The B2B sales cycles for many companies can be upwards of nine months from initial interaction to conversion, depending on the industry. For business development and cash flow purposes, avoiding a gap in your new business pipeline is the name of the game. But devoting enough time to nurturing new leads while servicing your existing clients can be tricky, and inbound marketing often falls to the wayside.
When your team’s workload is heavy and your client roster is full, sometimes tunnel vision takes over and you’re just focused on the next step, the final deliverable, finishing the work at hand. The problem is that once you emerge on the other side of the tunnel, your neglected leads will have gone cold and you won’t have new business to replace the project you have just completed.
Don’t Let Leads Die in the Funnel
It typically takes anywhere from 5-10 touch points minimum with a brand before a customer is ready to make a purchase (some sources estimate that for eCommerce the number of touchpoints required is actually much higher).
This means that especially if your industry has an extra long sales cycle, it’s going to take a bit of time to build up familiarity with your brand on the buyer’s journey before someone is ready to pay for your product or services. Keep in mind that not every touch point should be a sales message—your potential customer will experience message fatigue and be turned off by the hard sell, eventually tuning you out completely or developing a negative opinion of your brand.
If you’re thinking, “That sounds like a lot of work,” we’re not going to sugarcoat it—it is. But here’s a strategic framework for how to use inbound marketing and reputation management to nurture leads in your pipeline:
- Use downloadable pieces of digital content like eGuides and whitepapers as ways to attract qualified leads or provide value to leads already in your funnel. By providing free access to exclusive content (you can create a landing page on your website or an ad on social media), you draw potential customers in and start to build awareness and familiarity with your brand.
We highly recommend requiring an email address in order to download the content to add potential customers to your CMS or lead database. Then, as your sales cycle begins to turnover, you can start to ramp up your outreach to these leads to maintain the flow of new business.
- Create engaging blogs, email and social media content to build brand awareness and recognition. According to Influencer Marketing Hub, 75% of all B2B transactions are made online. Further emphasizing the importance of digital content for inbound marketing, Propeller CRM reports that 82% of B2B customers view at least five pieces of content from the vendor they eventually select. Providing useful and engaging content can provide critical information on your brand’s products or services to help move potential customers along the buyer’s journey.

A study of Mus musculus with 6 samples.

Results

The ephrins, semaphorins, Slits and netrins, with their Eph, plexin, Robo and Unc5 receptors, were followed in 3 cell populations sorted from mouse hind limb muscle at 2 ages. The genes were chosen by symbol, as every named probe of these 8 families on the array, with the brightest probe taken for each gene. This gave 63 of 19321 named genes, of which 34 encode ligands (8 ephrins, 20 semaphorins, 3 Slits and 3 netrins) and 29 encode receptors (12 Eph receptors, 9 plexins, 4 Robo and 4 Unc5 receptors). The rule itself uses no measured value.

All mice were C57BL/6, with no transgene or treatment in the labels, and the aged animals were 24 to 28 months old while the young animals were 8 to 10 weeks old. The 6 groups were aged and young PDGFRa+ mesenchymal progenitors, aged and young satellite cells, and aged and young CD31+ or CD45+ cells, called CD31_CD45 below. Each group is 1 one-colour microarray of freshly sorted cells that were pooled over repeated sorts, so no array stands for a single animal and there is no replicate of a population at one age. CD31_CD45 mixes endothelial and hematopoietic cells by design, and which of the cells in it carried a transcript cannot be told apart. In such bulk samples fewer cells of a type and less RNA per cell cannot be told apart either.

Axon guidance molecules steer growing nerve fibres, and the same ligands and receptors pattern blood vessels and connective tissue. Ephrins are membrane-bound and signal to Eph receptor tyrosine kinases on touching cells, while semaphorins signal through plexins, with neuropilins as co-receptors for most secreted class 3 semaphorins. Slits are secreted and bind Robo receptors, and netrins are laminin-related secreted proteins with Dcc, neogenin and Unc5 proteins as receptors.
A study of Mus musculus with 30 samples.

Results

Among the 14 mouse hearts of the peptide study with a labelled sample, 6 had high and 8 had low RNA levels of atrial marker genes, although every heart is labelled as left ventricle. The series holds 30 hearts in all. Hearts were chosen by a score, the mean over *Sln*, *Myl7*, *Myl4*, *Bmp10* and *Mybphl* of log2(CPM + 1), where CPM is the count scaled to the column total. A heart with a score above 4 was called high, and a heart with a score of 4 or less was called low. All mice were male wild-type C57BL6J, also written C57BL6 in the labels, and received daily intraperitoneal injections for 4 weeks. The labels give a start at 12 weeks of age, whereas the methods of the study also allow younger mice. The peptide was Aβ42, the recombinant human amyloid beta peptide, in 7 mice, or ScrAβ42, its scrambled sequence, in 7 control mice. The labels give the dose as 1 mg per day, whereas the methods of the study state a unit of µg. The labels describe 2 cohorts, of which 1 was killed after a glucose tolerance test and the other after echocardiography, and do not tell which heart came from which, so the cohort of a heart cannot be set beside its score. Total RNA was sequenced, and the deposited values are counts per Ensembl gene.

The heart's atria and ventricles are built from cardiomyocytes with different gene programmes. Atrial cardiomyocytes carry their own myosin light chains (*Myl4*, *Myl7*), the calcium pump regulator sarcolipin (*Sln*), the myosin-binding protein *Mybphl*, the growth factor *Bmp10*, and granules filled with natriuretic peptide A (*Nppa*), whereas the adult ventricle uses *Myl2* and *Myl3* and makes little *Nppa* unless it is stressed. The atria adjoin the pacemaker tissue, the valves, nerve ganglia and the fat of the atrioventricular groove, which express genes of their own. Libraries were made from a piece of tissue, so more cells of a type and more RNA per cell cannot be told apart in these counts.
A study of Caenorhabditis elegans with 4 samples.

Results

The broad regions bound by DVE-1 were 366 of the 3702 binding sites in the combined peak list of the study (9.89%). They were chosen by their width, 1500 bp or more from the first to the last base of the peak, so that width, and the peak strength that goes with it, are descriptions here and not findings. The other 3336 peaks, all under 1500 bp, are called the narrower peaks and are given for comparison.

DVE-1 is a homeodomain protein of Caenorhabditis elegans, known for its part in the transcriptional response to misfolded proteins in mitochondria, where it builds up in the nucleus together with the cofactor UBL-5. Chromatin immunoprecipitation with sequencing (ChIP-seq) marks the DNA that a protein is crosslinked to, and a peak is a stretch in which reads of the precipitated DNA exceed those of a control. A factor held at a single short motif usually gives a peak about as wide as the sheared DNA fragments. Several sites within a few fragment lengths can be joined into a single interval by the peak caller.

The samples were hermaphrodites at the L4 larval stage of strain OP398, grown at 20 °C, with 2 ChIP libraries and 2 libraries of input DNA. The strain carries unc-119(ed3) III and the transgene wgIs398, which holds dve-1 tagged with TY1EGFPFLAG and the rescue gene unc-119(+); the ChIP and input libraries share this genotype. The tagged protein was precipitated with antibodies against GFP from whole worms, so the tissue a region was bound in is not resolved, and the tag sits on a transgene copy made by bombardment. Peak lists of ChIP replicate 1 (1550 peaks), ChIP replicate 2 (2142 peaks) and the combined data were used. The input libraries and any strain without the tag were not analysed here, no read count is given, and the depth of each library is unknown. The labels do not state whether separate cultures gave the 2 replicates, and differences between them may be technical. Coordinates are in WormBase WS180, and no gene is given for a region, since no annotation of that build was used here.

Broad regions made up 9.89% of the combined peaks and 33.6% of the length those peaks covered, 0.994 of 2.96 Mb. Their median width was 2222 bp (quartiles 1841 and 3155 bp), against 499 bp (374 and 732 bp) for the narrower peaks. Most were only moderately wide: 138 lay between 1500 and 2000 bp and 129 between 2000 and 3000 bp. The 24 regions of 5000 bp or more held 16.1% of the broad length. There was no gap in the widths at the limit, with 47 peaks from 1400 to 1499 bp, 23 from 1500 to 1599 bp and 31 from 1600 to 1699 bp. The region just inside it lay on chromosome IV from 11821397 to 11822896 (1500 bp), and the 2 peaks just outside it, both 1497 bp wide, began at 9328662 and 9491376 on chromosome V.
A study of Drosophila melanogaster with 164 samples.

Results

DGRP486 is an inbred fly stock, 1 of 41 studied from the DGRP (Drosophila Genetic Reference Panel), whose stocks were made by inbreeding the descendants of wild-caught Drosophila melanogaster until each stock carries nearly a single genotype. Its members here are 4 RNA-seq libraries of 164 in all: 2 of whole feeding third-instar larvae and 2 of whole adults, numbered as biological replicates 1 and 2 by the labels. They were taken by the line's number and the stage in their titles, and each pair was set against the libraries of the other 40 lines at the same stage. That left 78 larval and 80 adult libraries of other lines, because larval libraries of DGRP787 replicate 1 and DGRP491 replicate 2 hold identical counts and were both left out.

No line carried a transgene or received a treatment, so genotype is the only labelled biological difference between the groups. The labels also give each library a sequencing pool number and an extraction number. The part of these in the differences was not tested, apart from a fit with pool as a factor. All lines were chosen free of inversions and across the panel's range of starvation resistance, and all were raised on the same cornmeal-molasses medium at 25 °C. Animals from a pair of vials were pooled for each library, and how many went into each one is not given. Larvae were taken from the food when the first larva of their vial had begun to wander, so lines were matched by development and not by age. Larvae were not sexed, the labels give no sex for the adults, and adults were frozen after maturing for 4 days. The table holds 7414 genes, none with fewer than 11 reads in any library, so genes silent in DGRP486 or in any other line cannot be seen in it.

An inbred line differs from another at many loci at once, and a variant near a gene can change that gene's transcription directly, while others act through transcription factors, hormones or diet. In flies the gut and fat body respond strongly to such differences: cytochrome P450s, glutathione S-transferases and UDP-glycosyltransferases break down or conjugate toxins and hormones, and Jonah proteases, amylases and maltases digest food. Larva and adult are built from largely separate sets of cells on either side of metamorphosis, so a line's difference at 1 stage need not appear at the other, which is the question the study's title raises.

“…customers are doing their research before committing to a product. By sharing useful, relevant, and mobile-friendly content, you’ll easily differentiate from others who are not doing it. Teaming up with content marketing professionals might be a good idea if you don’t have an in-house content marketing team to help you deliver top-quality content,” Propeller CRM says.
Ways to use inbound marketing:
- Blogs—Provide educational content and tips. Show your expertise and provide value to potential customers.
- Emails—Nurture leads that are already in your funnel by providing updates, sales promotions, and driving recipients back to blog content on your website.
- Social media—Share links to blogs on your website, useful or interesting news and resources relevant to your industry, and photos and videos of your staff and/or customers or your work behind the scenes. Don’t be afraid to engage with your audience by responding to comments and questions and show a less formal side of your brand (within appropriate guidelines, of course!).
- Reach out to current or former satisfied customers to ask for reviews. Rounding up some positive reviews can help boost the public opinion and visibility of your brand by gaining traction on Google Business reviews, Yelp, Facebook, or other review sites. Be sure to provide a link directly to where customers can submit their review to make it as easy as possible for them.
With enough positive reviews, you can become a top recommended business when someone searches for a product or service online. It also may help keep your brand top-of-mind for former customers who may want to do business with you again or recommend your business to a friend or colleague. This type of reputation management can help ensure that you receive a healthy flow of leads from referral sources and online searches.
Word to the wise: be sure that the customers you ask had a good experience with your business. Ex-customers with an ax to grind might jump at the chance to gripe online, and a negative review works against your goal of raising your brand’s public profile.
Another tip: while it is illegal to offer to pay for positive reviews—as it is considered an undisclosed paid endorsement by the Federal Trade Commission—a nice thank you note and non-monetary token of your appreciation (some branded swag for example) given after the fact is a nice way to show gratitude and further solidify your relationship with the customer.
By leveraging an inbound marketing strategy and reputation management tactics, you can keep your funnel populated with potential customers and steadily move them along the buyer’s journey. SNR Creative can assist with content planning and execution as well as CMS-enabled targeting and tracking to help you maintain a healthy lead pipeline of new business. Contact us to learn more.